5 back-to-the-basics investing truths

Did you ever have an experience where  you take a class from an expert, and you’re surprised at how much the  initial focus there is on the basics?

The golf coach who insists that you don’t grip the club too tightly.

The artist who insists that you know the color wheel, and which colors are complementary.

The musician who insists that you be able to play the major and minor scales.

As students, we all want to just get out their and start hitting golf  balls, or start painting the landscape or start improvising that piano  solo.
Yet the reason that these teachers and  coaches have such a unerring focus on the basics, is that without  mastering the basics, they know that it is very unlikely we will  succeed. 

The longer I have been in the investment management industry, the more I  see the same dynamics when it comes to investors. And in this context, I  offer the following 5 “back-to-basics” of investing.
If your approach to investing is  incongruous with any of the following, you’re almost certainly not doing  as well as you could. And it may be time to go back to the basics…
1. Embrace market pricing
The market is an effective information-processing machine. Each day, the  world equity markets process billions of dollars in trades between  buyers and sellers, and the real-time information they bring helps set  prices.  There are so many participants, and so much money involved,  this is an incredibly efficient pricing machine.  Trust that it works.

2. Do Not Try to Outguess The Market

The  market’s pricing power works against those who try to outperform  through stock picking or market timing.  As evidence, only 22% of US  equity mutual funds and 10% of fixed income funds have survived and  outperformed their benchmarks over the past 20 years.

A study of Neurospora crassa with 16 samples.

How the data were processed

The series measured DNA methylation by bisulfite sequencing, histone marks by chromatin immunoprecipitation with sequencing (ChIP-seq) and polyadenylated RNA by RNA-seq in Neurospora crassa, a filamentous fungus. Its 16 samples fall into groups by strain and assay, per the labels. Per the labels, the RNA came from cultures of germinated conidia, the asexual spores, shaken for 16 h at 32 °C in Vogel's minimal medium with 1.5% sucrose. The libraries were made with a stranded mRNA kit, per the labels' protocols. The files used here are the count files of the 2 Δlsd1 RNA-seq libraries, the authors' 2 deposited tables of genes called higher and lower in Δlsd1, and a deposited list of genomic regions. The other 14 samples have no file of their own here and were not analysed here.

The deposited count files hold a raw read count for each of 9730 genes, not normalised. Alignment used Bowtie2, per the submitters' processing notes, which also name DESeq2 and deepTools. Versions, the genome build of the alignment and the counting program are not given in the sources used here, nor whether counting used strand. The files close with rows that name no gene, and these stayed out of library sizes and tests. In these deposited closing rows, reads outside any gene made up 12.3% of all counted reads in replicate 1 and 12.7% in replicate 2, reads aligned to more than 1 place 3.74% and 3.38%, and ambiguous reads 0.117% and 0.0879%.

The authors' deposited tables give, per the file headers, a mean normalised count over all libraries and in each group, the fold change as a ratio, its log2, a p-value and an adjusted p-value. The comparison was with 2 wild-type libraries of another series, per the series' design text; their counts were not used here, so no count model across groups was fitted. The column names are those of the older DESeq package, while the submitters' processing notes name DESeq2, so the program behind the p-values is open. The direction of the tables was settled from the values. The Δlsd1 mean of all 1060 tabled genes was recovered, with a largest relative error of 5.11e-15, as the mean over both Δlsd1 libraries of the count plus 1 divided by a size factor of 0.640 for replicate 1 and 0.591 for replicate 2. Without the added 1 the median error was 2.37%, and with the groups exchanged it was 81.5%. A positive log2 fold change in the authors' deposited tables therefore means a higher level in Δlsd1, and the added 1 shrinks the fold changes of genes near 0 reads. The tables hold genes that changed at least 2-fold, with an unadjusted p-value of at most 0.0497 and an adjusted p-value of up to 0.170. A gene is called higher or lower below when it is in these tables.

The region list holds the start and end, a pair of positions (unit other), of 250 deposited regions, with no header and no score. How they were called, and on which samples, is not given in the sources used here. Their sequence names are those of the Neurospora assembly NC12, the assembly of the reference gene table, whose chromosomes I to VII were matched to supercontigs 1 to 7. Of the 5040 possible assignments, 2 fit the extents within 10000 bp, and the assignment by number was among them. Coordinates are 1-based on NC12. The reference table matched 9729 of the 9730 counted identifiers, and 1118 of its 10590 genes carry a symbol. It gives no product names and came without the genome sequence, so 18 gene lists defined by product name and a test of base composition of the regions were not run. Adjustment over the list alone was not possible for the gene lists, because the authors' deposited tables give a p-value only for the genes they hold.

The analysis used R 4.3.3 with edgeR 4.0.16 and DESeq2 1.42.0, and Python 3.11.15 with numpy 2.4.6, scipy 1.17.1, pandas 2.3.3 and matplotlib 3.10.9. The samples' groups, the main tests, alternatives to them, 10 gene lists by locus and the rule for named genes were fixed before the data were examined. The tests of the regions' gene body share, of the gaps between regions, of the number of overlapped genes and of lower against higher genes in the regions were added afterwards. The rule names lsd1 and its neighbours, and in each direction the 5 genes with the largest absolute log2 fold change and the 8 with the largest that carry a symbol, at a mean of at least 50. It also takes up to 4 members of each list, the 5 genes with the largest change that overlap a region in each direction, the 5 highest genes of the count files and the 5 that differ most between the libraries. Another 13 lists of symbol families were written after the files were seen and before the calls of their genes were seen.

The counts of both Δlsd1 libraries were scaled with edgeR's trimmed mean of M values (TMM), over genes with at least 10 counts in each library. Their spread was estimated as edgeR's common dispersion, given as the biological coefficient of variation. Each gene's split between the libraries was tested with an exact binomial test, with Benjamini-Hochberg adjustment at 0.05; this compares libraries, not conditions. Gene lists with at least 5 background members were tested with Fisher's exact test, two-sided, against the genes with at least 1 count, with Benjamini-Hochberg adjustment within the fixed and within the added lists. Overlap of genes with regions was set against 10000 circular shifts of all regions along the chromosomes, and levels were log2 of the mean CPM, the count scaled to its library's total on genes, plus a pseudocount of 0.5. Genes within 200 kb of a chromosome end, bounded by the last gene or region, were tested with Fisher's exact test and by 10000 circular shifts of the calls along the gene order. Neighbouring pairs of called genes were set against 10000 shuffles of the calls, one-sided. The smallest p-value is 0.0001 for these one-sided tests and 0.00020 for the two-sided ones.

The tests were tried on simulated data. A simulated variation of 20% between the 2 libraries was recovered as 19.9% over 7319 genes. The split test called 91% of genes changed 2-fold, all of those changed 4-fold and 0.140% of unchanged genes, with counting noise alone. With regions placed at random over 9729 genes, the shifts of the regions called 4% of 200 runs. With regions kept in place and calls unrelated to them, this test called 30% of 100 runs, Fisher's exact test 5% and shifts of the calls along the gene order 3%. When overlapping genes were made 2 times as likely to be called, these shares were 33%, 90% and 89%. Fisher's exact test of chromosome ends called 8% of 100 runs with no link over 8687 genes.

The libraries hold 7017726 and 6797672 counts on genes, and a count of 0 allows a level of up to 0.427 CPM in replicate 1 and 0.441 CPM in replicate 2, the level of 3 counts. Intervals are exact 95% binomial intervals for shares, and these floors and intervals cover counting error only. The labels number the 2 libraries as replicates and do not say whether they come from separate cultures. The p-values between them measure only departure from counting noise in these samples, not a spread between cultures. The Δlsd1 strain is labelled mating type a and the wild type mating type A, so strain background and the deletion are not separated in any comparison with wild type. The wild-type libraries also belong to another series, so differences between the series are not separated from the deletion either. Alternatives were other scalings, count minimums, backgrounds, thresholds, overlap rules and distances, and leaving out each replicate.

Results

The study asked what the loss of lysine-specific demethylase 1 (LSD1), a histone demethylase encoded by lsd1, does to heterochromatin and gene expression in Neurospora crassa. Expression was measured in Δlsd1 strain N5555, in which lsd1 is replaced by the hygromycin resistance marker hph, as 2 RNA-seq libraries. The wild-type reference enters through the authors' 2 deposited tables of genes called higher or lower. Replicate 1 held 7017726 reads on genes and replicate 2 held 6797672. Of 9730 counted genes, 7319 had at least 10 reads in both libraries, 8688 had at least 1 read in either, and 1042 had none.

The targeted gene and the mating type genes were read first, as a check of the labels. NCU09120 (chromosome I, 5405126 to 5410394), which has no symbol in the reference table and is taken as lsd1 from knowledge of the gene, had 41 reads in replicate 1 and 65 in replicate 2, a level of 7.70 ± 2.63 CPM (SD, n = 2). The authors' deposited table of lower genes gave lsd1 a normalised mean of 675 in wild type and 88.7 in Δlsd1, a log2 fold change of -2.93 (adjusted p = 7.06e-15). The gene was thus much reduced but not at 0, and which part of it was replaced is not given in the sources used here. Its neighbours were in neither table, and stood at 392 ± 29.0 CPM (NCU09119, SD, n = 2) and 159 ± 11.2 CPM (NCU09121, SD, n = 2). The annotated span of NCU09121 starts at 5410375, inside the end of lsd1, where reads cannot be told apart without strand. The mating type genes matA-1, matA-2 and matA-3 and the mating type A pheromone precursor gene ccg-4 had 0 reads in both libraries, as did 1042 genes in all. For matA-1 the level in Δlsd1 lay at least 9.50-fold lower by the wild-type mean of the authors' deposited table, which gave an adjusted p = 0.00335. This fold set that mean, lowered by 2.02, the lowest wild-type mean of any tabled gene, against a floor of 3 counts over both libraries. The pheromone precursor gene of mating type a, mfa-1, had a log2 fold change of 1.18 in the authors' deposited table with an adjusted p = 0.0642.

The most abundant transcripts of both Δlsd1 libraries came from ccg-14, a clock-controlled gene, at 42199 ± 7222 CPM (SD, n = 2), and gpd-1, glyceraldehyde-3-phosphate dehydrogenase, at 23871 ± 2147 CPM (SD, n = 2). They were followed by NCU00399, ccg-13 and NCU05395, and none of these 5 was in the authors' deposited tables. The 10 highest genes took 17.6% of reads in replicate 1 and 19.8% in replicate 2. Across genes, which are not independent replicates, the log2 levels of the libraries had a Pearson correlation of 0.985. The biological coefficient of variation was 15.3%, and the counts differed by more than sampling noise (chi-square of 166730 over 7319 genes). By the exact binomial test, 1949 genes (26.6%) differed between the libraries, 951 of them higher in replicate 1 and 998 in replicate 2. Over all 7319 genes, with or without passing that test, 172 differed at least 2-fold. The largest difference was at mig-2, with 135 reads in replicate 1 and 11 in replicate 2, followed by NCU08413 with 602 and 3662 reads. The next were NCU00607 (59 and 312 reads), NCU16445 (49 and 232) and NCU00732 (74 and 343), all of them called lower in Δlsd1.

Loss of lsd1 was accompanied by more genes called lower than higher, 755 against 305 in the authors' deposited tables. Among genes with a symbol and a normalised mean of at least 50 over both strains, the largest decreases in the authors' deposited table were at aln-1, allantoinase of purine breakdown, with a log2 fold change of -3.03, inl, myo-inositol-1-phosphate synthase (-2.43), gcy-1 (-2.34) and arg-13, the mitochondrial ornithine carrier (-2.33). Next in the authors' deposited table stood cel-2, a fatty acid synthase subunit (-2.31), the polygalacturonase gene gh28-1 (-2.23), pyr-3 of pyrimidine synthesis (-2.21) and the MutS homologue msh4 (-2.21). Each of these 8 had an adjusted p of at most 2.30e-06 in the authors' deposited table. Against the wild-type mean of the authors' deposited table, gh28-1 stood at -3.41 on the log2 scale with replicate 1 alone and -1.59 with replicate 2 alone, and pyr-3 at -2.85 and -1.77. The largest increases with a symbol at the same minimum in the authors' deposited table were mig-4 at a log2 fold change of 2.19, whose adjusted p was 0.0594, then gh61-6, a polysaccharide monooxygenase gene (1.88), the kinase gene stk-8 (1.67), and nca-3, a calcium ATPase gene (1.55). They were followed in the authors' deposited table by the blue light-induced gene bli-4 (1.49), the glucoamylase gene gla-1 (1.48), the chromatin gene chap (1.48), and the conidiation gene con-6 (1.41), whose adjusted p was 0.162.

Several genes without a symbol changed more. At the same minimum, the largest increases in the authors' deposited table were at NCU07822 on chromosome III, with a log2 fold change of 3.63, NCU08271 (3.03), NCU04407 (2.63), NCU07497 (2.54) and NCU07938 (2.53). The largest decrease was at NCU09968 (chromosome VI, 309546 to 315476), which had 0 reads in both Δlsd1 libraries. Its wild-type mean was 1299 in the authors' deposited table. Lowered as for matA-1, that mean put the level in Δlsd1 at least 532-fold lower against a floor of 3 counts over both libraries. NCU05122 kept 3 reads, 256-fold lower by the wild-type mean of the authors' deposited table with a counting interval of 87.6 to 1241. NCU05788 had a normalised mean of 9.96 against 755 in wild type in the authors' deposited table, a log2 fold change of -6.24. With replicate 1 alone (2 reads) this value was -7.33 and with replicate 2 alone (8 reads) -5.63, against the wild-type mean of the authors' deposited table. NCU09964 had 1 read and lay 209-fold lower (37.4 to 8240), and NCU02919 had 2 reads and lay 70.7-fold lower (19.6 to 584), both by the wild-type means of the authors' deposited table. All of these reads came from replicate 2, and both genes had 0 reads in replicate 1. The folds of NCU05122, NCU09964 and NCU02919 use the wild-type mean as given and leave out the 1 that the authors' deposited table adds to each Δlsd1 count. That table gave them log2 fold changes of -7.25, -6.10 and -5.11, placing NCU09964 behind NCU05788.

3. Do Not Chase Past Performance

Some  investors select investments based on their past returns. Yet, past  performance offers no actionable insight into a fund’s future returns.  For example, most mutual funds in the top quartile of previous five-year  returns did not maintain a top‐quartile ranking in the following five  years. 

You’ve heard the phrase “past performance is not indicative of future results,” right? 

It would probably be truer for the stock fund disclaimer to read “…Since  we’ve outperformed over the last 5 years, the odds are close to 5:1  that we’re going to underperform in the next 5 years.”   Think about that.

4. Stay Invested & Let Markets Work For You

The  financial markets have rewarded long-term investors. People expect a  positive return on the capital they supply, and historically, the equity  and bond markets have provided growth of wealth that has more than  offset inflation.  But to get these returns, you have to be IN the  market.  You can’t wait until after Covid.  Or after the election.  Or  after… anything.  Just get in.  And stay in.

5. Ignore The Headlines

Daily  market news and commentary can challenge your investment discipline.   Some messages stir anxiety about the future, while others tempt you to  chase the latest investment fad.  When headlines unsettle you, maintain a  long‑term perspective. Here’s an interesting BusinessWeek cover from  1979.  They nailed it, right?


The commentary in this post (including any related blog, podcasts, videos, and social media) reflects the personal opinions, viewpoints, and analyses of Tim Corriero, an Investment Adviser Representative of Gemmer Asset Management LLC (“GAM”) and should not be regarded as the views of GAM, or a description of advisory services provided by GAM or performance returns of any GAM client.  References to securities or market-related performance data are for illustrative purposes only and do not constitute an investment recommendation or offer to provide investment advisory services. Charts and graphs provided within are for informational purposes solely and should not be relied upon when making any investment decision. Past performance is not indicative of future results. The content speaks only as of the date indicated. Any projections, estimates, forecasts, targets, prospects, and/or opinions expressed in these materials are subject to change without notice and may differ or be contrary to opinions expressed by others.  Any mention of a specific law firm herein does not constitute an endorsement, recommendation, or favoring by such firm.

Please see disclosures here.

Tim Corriero, J.D, CFP ©

Tim Corriero is an attorney, a Certified Financial Planner ® and founder of Juris Wealth, a financial advisory business for lawyers.